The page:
I Entreat Your Favor | Psalm 119:58

I entreat your favor with all my heart;
be gracious to me according to your promise.

Psalm 119:58 ESV

As we gaze upon this verse, we should note that the two lines are essentially the same. Especially within the Old Testament, the favor of God is much the same as the grace of God. For instance, when Noah found favor in God’s eyes (Genesis 6:8), we can read that God looked graciously upon Noah. Thus, the two phrases I entreat your favor and be gracious to me are parallel with one another, for the prayer be gracious to me was the psalmist’s entreaty of God’s favor.

We then ought to notice that the psalmist made this entreaty with all his heart. And why would he not? When a man is brought before a judge without any covering of his guilt, he can plea for a merciful judgment. He cannot expect the judge simply to pass over his crimes, but he can hope for a verdict that issues justice but not too severely. If that is the case with an earthly judge, how much more when the Judge of all the earth looks upon the very depths of our hearts? Before His all-seeing, all-knowing eyes, what excuses can we bring for our sins? We have no plea, except to appeal to His grace. Like the psalmist, we can do nothing else but cry out with all our heart for God to be gracious to us.

Yet if such a plea were nothing more than a desperate cry in dark, then it would be a pitiful sight to behold. However, that is not the case! The psalmist had a sure hope in praying for God’s favor, for he did so according to your promise. In other words, through God’s Word, the psalmist knew that the LORD is a God of grace. Therefore, his entreaty for God’s favor was not a blind leap of faith.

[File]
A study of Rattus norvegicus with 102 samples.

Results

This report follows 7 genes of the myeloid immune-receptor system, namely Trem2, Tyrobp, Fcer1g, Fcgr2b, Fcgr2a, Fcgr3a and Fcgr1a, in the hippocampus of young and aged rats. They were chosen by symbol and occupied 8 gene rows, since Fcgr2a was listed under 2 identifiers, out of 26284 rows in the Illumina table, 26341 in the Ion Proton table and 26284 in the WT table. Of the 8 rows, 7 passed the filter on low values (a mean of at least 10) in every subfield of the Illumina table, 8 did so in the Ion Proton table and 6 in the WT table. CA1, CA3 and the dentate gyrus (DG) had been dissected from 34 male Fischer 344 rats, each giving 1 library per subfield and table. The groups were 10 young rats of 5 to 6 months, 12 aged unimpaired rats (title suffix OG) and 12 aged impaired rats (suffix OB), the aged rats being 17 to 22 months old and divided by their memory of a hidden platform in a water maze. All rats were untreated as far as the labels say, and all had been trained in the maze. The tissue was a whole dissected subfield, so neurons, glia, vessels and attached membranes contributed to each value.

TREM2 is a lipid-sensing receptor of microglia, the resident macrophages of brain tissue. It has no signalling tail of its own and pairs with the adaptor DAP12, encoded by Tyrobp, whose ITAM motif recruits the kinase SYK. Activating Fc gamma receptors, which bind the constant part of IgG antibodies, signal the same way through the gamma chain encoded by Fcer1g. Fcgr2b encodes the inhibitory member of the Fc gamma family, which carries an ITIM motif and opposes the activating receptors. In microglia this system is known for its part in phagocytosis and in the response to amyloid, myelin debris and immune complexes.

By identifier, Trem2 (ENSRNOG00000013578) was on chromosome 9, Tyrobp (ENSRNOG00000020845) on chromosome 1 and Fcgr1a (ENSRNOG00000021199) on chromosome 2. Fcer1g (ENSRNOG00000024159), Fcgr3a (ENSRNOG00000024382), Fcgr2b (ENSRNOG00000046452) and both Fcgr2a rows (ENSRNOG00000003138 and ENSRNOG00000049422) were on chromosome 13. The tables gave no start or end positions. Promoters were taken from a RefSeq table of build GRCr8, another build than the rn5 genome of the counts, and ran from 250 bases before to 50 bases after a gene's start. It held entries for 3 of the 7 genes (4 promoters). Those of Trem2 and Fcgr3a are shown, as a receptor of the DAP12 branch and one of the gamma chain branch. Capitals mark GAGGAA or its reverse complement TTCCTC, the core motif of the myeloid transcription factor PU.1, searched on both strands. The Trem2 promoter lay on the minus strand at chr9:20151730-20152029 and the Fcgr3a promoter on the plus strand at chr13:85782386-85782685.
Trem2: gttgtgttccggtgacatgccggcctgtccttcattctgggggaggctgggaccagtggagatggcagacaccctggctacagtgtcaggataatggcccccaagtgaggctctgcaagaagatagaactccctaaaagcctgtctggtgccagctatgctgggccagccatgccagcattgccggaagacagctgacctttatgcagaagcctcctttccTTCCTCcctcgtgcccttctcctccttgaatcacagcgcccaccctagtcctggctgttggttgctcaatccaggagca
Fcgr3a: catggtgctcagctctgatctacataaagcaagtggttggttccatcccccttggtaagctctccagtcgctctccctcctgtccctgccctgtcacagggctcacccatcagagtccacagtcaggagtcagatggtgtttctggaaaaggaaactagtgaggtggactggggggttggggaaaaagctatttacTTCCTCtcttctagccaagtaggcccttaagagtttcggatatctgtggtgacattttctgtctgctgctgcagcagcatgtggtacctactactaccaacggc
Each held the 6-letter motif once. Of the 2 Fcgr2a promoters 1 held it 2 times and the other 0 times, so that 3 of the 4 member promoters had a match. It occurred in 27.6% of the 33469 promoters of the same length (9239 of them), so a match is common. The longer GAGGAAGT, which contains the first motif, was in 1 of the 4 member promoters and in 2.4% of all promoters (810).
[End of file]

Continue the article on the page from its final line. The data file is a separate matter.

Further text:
Indeed, he very likely recalled God’s marvelous revelation of Himself to Moses in Exodus 34:6-7:

The LORD passed before him and proclaimed, “The LORD, the LORD, a God merciful and gracious, slow to anger, and abounding in steadfast love and faithfulness, keeping steadfast love for thousands, forgiving iniquity and transgression and sin, but who will by no means clear the guilty, visiting the iniquity of the fathers on the children and the children’s children, to the third and the fourth generation.”

Yet as marvelous as that revelation and promise of God was, we have an even greater revelation and promise, for Hebrews 1:1-2 tells us: “Long ago, in many times and in many ways, God spoke to our fathers by the prophets, but in these last days he has spoken to us by his Son…”

Jesus is the perfect revelation of God’s graciousness. He gave His life to cancel the debt of our sins by nailing them to His cross. In Him, we have been chosen, forgiven, adopted, and sealed by the indwelling Holy Spirit.

Brothers and sisters, if the psalmist had great reason to entreat God’s favor with his whole heart according to the gracious promises of God, we have a far greater reason to do so in Christ our Lord!